You may have heard that a group of Chinese investors filed a fraud action here in Virginia against Governor McAuliffe and others for $17,920,000, plus punitive damages exceeding $53,000,000. Earlier this month, a federal judge dismissed the case, finding that the allegations were insufficient to allow a jury to even consider the claim. Should you, dear reader, ever find yourself on the receiving end of a $71M fraud lawsuit, try to stay calm, and read my earlier blog post about what kind of facts are needed to make out a facially valid fraud claim. The plaintiffs in this particular case were unable to present such facts, so they lost. If a plaintiff cannot allege in good faith facts sufficient to satisfy each element of a fraud claim, the case will be dismissed no matter how much money is at stake.
According to the original complaint filed against Governor McAuliffe (it was originally filed in Fairfax County Circuit Court, then removed to federal court in Alexandria), the case was brought “to remedy a $120 million scam perpetrated by savvy and politically connected operatives and businessmen.” The Defendants allegedly offered–in exchange for a $500,000 investment from each plaintiff in an electric car company–to leverage their political connections to ensure that the plaintiffs’ visa applications would be approved by U.S. Citizenship and Immigration Services. The Chinese investors claimed that McAuliffe lied about a number of things in order to secure those $500,000 investments:
Mr. McAuliffe, Mr. Rodham, and Charles Wang defrauded investors with one false representation after another. They misrepresented the number of direct and indirect jobs the company could, would, and did generate (a key factor in whether Plaintiffs’ visas would be approved). They said GreenTech had been selected as a Department of Defense contractor. They trumpeted the quality and advancement of GreenTech’s technology. They claimed GreenTech’s collateral exceeded the amount of loans Plaintiffs and other investors would be making to fund GreenTech’s start-up. They told investors that they had received more orders than they could keep up with. They talked up GreenTech’s significant investments in China. They told investors they had won a lawsuit against a watchdog organization that had been critical of GreenTech (it was dismissed for lack of jurisdiction). And they told the investors that they would obtain permanent residency in the United States. All of these representations were false.
That sounds pretty bad, you might be thinking. So why were these allegations insufficient to make out a valid claim under Virginia law for fraud? As laid out in my earlier blog post, actionable fraud consists of (1) a false representation, (2) of a present, material fact, (3) made intentionally and knowingly, (4) with intent to mislead, (5) reasonable reliance by the party misled, and (6) resulting damage. Moreover, to survive dismissal in federal court, the claim must be pleaded with “particularity.” That means the complaint must (1) identify the fraudulent statements which were made and the documents or oral representations containing them, (2) the time and place of each statement and the person responsible for making (or not making – in the case of omissions) the same, and (3) the content of such statements, the manner in which they misled the plaintiff, and the manner in which plaintiff relied on the statements. (See U.S. ex rel. Wilson v. Kellogg Brown & Root, Inc., 525 F.3d 370, 379 (4th Cir. 2008)).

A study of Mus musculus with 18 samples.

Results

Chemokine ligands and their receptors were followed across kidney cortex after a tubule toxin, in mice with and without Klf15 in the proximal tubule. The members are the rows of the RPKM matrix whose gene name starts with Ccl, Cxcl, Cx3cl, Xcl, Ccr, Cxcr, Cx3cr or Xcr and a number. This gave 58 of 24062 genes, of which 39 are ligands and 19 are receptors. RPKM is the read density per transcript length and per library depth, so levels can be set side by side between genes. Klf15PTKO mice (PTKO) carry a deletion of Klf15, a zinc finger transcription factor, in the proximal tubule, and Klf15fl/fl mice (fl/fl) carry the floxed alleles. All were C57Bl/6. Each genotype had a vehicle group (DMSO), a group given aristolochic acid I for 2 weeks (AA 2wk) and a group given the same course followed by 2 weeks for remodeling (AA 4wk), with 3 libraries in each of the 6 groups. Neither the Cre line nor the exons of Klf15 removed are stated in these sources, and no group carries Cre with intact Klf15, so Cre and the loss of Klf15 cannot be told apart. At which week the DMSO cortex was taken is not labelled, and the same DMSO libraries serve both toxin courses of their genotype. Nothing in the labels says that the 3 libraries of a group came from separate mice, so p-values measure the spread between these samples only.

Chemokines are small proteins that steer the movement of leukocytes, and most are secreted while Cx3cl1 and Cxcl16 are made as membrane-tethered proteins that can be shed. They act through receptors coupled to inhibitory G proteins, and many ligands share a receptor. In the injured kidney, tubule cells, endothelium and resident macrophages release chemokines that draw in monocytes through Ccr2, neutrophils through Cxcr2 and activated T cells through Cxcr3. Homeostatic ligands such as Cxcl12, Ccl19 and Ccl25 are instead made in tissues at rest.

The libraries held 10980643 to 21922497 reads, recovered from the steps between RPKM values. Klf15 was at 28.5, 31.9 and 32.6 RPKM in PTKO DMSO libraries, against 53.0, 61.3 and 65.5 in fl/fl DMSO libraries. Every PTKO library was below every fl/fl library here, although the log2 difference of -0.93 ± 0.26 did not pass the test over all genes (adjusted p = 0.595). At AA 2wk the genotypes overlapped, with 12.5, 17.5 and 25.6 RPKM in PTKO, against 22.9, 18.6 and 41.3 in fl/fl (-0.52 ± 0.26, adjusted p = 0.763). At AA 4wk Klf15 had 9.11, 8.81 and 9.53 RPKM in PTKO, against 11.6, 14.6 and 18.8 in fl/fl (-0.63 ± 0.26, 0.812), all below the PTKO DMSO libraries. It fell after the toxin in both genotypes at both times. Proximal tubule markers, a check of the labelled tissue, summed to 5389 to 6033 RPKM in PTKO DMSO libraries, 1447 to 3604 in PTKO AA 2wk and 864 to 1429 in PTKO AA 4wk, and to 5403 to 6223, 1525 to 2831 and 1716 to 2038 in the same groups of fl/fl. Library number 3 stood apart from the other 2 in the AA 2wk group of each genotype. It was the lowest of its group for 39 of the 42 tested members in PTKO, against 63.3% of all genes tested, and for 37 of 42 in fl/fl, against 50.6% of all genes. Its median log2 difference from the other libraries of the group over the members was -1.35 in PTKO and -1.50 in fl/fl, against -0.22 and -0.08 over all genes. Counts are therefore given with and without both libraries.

In the case against McAuliffe, the court first observed that the plaintiffs had not identified which of them had relied on which statement, or how the statements at issue were communicated to them. In other words, they failed to meet the particularity requirement. If a plaintiff cannot allege in detail how a fraud was committed, courts will generally not permit the case to proceed to a jury and will dismiss it at the outset.
Next, the court looked at a statement alleged to have been made by one of the other defendants (Hillary Clinton’s brother, Anthony Rodham), and noted that the complaint lacked any detailed allegations that Mr. Rodham knew his statement was false, or how it was material to the plaintiffs’ decision to invest. The court also pointed out that the plaintiffs had failed to allege any specific facts relating to the reliance element needed to prevail on any fraud claim.
With respect to statements allegedly made by the Governor, the court found them to be either “puffery” (as opposed to misrepresentations of fact) or forward-looking statements (as opposed to statements relating to present facts). Statements relating to future events that turn out to be false are not fraudulent as a matter of law. A broken promise might support a breach-of-contract action, but not a fraud claim.
The court further found that the plaintiffs had failed to meet the “reasonable reliance” element. To state a valid claim for fraud, a plaintiff must show that its reliance on the false representation was reasonable and justified. The plaintiffs in this case failed to do that:
The Plaintiffs claim that they invested in the Limited Partnership interests in reliance upon certain statements made to them by Defendants in oral presentations and in written statements contained in newsletters, websites, and social media, but they did not read the English-language private placement memorandum, subscription agreement, partnership agreement, power of attorney, or related formal documents presented to them before they invested.
So there you have it. Just because you get sued for $71,000,000 doesn’t mean you need to start thinking about bankruptcy. If the person suing you doesn’t allege facts sufficient to meet all elements of the claim for which you are being sued, it’s the judge’s job to dismiss the case at the outset. That’s what happened here.